A friend in high places has stepped forward to support TransCanada Corp.'s plan for enabling growth in U.S. shale gas exports to Ontario and Quebec by working with their distributors on additions to northbound pipeline capacity.
The Ontario Ministry of Energy is praising TransCanada's settlement with Union Gas, Enbridge Gas and Gaz Metro (see Daily GPI, Dec. 30, 2013) as an advance for provincial ambition to break away from generations of expensive reliance on supplies from distant Alberta.
In a filing with the National Energy Board (NEB) the ministry predicts the pact will have positive effects throughout the Eastern Triangle, the official gas market name for the Ontario and Quebec consumer side of TransCanada's national Mainline. The ministry predicts "the agreement will result in infrastructure improvements in the Eastern Triangle that will increase market access and improve supply diversity for Ontario natural gas consumers."
In case the national agency missed it, attention is drawn to further official encouragement by a Jan. 30 decision of the Ontario Energy Board (OEB) to approve the first big capacity addition on the agenda of TransCanada and the distribution companies.
The decision authorized construction of C$425 million (US$382 million) capacity additions to a leg of the Union transmission and distribution network known as Dawn Parkway. Union is still awaiting approval of federally regulated aspects of the project from the NEB, but has predicted a favorable decision in time to start construction this spring and put the new capacity into service by late 2015.
The facilities include 14 kilometers (eight miles) of jumbo pipe 48 inches in diameter plus large compressors to drive high volumes of gas. The project will expand traffic through the Dawn storage and trading hub in southwestern Ontario, making increased imports possible across the connected systems of Union, Enbridge and Gaz Metro.
"The settlement agreement is an important development in the evolution of the pipeline transportation network in Ontario," the OEB decision said. "It seeks to provide a basis for the eastern distributors to access new sources of supply while ensuring that the financial viability of the TransCanada system is not threatened by de-contracting.
"Stable commercial relationships between TransCanada and the eastern distributors are desirable from a public policy perspective."
The settlement ended months of hot feuding before the NEB, the OEB and its Quebec counterpart that boiled over into a mammoth lawsuit, with TransCanada demanding C$4.5 billion (US$4 billion) in damages for planned bypasses of its Mainline.
The plan calls for both immediate and long-range co-operation, possibly continuing for decades, on adding facilities for Canadian imports of low-cost shale production, chiefly from the nearby Marcellus formation in the northeastern United States. The settlement agenda provides for C$391 million (US$352 million) in additions to TransCanada's share of northbound freeways for U.S. gas during the next three years alone.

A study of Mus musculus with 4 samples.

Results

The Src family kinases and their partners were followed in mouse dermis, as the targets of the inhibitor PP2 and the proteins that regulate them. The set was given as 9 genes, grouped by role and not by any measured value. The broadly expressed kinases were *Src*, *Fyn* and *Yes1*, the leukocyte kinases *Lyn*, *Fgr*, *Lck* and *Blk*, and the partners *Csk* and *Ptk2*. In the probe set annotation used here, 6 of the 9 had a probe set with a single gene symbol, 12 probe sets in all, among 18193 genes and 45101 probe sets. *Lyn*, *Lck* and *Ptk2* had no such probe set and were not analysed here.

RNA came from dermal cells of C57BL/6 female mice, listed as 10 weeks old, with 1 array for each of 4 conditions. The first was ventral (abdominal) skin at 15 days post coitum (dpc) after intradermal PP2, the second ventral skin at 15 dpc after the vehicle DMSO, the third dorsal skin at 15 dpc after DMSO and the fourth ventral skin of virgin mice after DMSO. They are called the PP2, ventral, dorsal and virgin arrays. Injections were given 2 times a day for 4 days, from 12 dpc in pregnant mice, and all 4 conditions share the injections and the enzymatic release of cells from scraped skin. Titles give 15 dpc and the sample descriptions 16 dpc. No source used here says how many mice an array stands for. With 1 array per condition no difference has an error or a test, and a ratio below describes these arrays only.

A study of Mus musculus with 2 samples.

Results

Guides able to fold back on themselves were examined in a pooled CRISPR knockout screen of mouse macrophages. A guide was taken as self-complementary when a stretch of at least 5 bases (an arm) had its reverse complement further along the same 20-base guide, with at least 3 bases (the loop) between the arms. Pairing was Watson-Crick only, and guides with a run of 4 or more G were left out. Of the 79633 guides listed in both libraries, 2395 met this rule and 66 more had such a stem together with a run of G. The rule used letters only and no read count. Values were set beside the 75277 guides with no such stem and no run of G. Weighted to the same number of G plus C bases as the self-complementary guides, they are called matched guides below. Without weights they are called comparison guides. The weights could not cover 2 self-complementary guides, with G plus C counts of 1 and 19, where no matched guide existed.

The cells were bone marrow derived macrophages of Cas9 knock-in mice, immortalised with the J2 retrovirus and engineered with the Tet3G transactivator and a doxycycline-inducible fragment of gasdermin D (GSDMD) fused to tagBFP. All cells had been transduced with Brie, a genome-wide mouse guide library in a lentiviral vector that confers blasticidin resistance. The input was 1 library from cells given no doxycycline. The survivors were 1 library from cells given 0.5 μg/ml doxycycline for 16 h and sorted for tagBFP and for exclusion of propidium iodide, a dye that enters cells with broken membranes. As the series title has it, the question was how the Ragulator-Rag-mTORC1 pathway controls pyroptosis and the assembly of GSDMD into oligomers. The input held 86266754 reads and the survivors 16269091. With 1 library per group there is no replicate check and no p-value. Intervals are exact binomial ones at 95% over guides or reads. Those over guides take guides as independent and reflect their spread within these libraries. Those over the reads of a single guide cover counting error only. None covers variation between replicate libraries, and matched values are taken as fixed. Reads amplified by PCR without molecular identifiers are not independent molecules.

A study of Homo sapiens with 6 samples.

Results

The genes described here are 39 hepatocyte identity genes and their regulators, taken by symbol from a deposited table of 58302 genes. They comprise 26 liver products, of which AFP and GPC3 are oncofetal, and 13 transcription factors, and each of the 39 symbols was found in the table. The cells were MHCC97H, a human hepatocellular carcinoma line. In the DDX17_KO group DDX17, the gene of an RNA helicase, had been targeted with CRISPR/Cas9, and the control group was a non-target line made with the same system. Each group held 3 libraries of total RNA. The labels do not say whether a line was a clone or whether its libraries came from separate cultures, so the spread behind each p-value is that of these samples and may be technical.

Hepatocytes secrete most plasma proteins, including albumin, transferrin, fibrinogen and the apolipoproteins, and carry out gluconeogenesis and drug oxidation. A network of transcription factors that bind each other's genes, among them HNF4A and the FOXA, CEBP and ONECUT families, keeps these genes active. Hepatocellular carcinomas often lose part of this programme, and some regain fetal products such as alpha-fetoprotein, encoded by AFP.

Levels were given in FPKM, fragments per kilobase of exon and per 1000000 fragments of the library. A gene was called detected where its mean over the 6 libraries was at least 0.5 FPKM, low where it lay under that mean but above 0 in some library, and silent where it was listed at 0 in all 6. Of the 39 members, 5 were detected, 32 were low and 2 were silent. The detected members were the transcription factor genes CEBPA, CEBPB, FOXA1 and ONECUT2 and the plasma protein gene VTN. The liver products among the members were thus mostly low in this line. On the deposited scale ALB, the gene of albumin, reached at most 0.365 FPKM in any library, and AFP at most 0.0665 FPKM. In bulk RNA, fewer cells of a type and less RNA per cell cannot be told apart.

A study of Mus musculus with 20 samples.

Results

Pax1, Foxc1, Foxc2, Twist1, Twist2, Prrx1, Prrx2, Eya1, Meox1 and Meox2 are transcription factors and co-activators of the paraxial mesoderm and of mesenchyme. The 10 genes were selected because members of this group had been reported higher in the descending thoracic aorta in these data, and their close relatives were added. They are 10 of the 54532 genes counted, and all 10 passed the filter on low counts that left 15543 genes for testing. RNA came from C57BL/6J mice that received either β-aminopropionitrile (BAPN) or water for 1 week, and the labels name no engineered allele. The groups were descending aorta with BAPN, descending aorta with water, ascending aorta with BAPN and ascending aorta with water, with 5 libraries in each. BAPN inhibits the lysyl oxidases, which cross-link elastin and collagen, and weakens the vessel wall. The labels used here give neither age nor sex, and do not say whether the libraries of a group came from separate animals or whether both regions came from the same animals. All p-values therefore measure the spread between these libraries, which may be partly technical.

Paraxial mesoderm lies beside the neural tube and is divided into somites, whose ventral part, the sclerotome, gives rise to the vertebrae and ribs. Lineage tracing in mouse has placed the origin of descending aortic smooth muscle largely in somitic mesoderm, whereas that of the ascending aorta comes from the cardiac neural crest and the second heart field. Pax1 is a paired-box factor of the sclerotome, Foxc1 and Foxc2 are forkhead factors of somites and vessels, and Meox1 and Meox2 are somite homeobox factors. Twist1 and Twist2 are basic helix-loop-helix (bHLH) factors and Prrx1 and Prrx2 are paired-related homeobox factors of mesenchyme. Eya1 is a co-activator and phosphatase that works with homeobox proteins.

Nearly 80% of Canadian imports to date flow north through a border crossing beneath the St. Clair River between Michigan and Ontario near Sarnia, ON, according to trade records kept by the U.S. Department of Energy. But the latest scorecard, posted last week for third-quarter 2013, shows U.S. exports have also begun going north through connections in the Buffalo, NY, and Niagara Falls region where flows were recently reversed after carrying southbound Canadian deliveries to the U.S. for about half a century. After more than doubling since 2008, annual U.S. gas exports to Canada are within sight of topping one trillion cubic feet.
As a potential next big step in the trade about-face the TransCanada-controlled Iroquois Pipeline recently completed an "open-season" capacity auction to test market interest in reversing its flows to deliver Marcellus gas into Canada starting in November 2016, a plan dubbed the South-to-North Project or SoNo for short. Results of the Iroquois industry canvass were under review and none have been disclosed yet.
Iroquois has delivered western Canadian supplies to a consortium of New England, New York and New Jersey distributors throughout its 22-year lifespan to date, with Alberta Northeast Gas (ANE) serving as a procurement agency.
The ANE group and TransCanada were closely aligned originally. Long contracts for shipments of western supplies to the northeastern U.S. underpinned construction of both Iroquois and C$2.6 billion (US$2.3 billion) in supporting additions to the TransCanada Mainline.
But the new deal among TransCanada, Union, Enbridge and Gaz Metro has broken up the old coalition. ANE is fighting the Canadian import facilities additions as liable to generate substantial toll increases across the entire Mainline from Alberta to Quebec, and northeastern U.S. distributors have fired off filings with the NEB in support of their western supply agency (see Daily GPI, Jan. 24).
The board is reviewing demands by the protestors to rate the deal as a fresh application for new tolls and services, requiring far more detailed and prolonged review than the procedure for ratifying a settlement.